Guardianship Administration in Florida
In Florida, once a Guardian is appointed, they have a duty to administer the guardianship. A Guardian may be appointed for a ward’s person, property, or plenary (both). The guardian is a fiduciary and may exercise only those rights that have been removed from the ward and delegated to the guardian. While not meant to be exhaustive, below is a summary the responsibilities to the court that a guardian must undertake in that role.
Once letters of guardianship are entered, an initial report of the guardian is required to be filed pursuant to F.S. 744.362. This plan shall include the following:
- The provision of medical, mental, or personal care services for the welfare of the ward;
- The provision of social and personal services for the welfare of the ward;
- The place and kind of residential setting best suited for the needs of the ward;
- The application of health and accident insurance and any other private or governmental benefits to which the ward may be entitled to meet any part of the costs of medical, mental health, or related services provided to the ward;
- and any physical and mental examinations necessary to determine the ward’s medical and mental health treatment needs.
The guardian of a person must file an annual plan within ninety (90) days after the last day of the anniversary month the letters of guardianship were signed under F.S. § 744.367(1). The guardian of the property must include an annual accounting. F.S. § 744.367(3). Failure to timely file the annual guardianship plan can result in sanctions being imposed ranging from contempt to removal of the guardian. F.S. § 744.367(5).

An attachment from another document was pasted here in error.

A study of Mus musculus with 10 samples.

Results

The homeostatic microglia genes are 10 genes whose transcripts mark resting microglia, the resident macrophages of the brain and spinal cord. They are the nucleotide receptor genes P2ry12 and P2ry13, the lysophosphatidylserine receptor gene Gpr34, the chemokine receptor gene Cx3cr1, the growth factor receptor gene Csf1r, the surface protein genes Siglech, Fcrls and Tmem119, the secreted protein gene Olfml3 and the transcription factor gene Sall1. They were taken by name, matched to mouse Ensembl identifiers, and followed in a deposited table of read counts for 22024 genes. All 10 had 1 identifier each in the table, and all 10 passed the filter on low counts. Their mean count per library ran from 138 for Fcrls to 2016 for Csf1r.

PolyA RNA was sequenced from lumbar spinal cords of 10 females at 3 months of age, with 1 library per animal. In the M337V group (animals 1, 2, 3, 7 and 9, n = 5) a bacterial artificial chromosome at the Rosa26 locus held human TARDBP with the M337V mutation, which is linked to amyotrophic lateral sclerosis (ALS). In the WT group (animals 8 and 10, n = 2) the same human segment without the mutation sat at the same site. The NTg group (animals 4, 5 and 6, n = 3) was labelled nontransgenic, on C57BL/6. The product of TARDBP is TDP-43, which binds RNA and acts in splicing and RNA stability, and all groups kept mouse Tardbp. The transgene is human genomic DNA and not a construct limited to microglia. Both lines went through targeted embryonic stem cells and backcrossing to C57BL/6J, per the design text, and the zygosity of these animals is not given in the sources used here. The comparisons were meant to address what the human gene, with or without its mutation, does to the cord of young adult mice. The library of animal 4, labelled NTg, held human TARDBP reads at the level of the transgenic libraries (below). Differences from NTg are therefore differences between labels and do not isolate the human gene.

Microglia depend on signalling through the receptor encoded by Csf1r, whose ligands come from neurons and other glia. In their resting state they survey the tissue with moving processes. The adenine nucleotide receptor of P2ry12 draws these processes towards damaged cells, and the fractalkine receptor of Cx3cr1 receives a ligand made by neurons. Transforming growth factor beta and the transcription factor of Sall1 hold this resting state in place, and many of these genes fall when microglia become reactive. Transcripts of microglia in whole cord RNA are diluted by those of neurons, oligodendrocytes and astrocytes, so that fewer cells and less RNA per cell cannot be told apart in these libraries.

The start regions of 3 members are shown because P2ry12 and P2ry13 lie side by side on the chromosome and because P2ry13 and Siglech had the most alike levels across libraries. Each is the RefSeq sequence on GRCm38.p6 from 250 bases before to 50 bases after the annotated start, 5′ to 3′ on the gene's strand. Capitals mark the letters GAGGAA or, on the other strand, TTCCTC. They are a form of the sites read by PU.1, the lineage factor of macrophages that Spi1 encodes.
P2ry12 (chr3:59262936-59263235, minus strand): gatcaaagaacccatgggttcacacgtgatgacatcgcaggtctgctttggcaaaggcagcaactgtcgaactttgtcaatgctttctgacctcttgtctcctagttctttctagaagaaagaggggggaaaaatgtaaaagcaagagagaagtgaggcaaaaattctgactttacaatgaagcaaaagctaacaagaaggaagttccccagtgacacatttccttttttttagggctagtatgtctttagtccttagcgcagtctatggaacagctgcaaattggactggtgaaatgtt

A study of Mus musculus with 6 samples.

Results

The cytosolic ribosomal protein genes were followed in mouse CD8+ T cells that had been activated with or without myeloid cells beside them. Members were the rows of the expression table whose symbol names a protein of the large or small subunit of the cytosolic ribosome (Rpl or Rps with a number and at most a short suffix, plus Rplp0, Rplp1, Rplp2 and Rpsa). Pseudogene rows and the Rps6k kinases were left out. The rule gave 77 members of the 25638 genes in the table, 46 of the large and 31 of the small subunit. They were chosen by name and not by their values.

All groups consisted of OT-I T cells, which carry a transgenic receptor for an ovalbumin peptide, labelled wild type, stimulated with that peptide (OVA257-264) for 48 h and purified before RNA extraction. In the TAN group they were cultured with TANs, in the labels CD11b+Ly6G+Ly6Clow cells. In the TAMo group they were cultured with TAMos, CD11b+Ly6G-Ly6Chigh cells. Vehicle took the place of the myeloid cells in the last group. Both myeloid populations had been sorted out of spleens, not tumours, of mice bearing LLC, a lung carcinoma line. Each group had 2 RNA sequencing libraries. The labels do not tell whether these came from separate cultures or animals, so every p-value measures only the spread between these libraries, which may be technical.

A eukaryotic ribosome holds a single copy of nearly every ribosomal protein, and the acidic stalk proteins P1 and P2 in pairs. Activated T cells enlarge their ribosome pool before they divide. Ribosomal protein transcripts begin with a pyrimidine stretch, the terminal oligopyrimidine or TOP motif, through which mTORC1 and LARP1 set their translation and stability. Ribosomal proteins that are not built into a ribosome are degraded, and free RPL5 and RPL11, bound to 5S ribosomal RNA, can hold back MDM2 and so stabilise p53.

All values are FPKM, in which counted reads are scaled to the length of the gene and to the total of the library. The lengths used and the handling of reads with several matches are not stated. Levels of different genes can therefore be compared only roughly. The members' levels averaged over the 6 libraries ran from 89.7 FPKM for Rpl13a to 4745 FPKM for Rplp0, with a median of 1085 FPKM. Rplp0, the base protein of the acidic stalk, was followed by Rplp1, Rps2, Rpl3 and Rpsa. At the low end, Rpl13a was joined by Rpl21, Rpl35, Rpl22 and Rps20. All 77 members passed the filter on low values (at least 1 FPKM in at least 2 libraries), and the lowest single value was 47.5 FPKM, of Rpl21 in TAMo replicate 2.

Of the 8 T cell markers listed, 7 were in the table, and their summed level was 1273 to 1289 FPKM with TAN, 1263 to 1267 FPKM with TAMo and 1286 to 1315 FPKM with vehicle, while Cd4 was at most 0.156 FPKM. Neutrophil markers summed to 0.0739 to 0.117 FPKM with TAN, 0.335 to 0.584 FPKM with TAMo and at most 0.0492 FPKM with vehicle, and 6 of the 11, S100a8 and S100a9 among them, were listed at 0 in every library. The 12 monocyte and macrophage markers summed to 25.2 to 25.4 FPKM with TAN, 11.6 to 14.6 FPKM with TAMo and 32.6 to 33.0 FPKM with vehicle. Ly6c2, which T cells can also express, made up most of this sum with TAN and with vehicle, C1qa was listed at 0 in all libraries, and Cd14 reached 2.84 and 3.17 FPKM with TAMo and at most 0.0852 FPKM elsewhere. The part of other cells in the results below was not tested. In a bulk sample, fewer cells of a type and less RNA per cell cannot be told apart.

A plenary guardian must file a supplemental report if they discover any property of the ward that was not previously known or reported. . F.S. § 744.384. Guardians of the property also must file a report upon their removal or resignation, or if the guardianship is terminated. The guardianship may terminate because a ward is restored to capacity, by order of the court, or because of the ward’s death.
Under Florida Law, a Guardian is similar to a trustee of a trust or the personal representative of an estate. They must account to the court for the assets of the ward, as well as to creditors or other interested person who make a request in writing. Additionally, the court may order production of records for inspection. An interesting issue which arises in guardianships is who exactly is an interested person entitled to see and receive reports of the guardianship. While interested persons are defined by F.S. 731.201(23), for the purposes of guardianship proceedings there are no strict guidelines. If you believe you are an interested person in a guardianship and are not being furnished report of the guardian, consider seeking experienced guardianship counsel to appear on your behalf. Guardianship can be a complicated field in Florida probate law.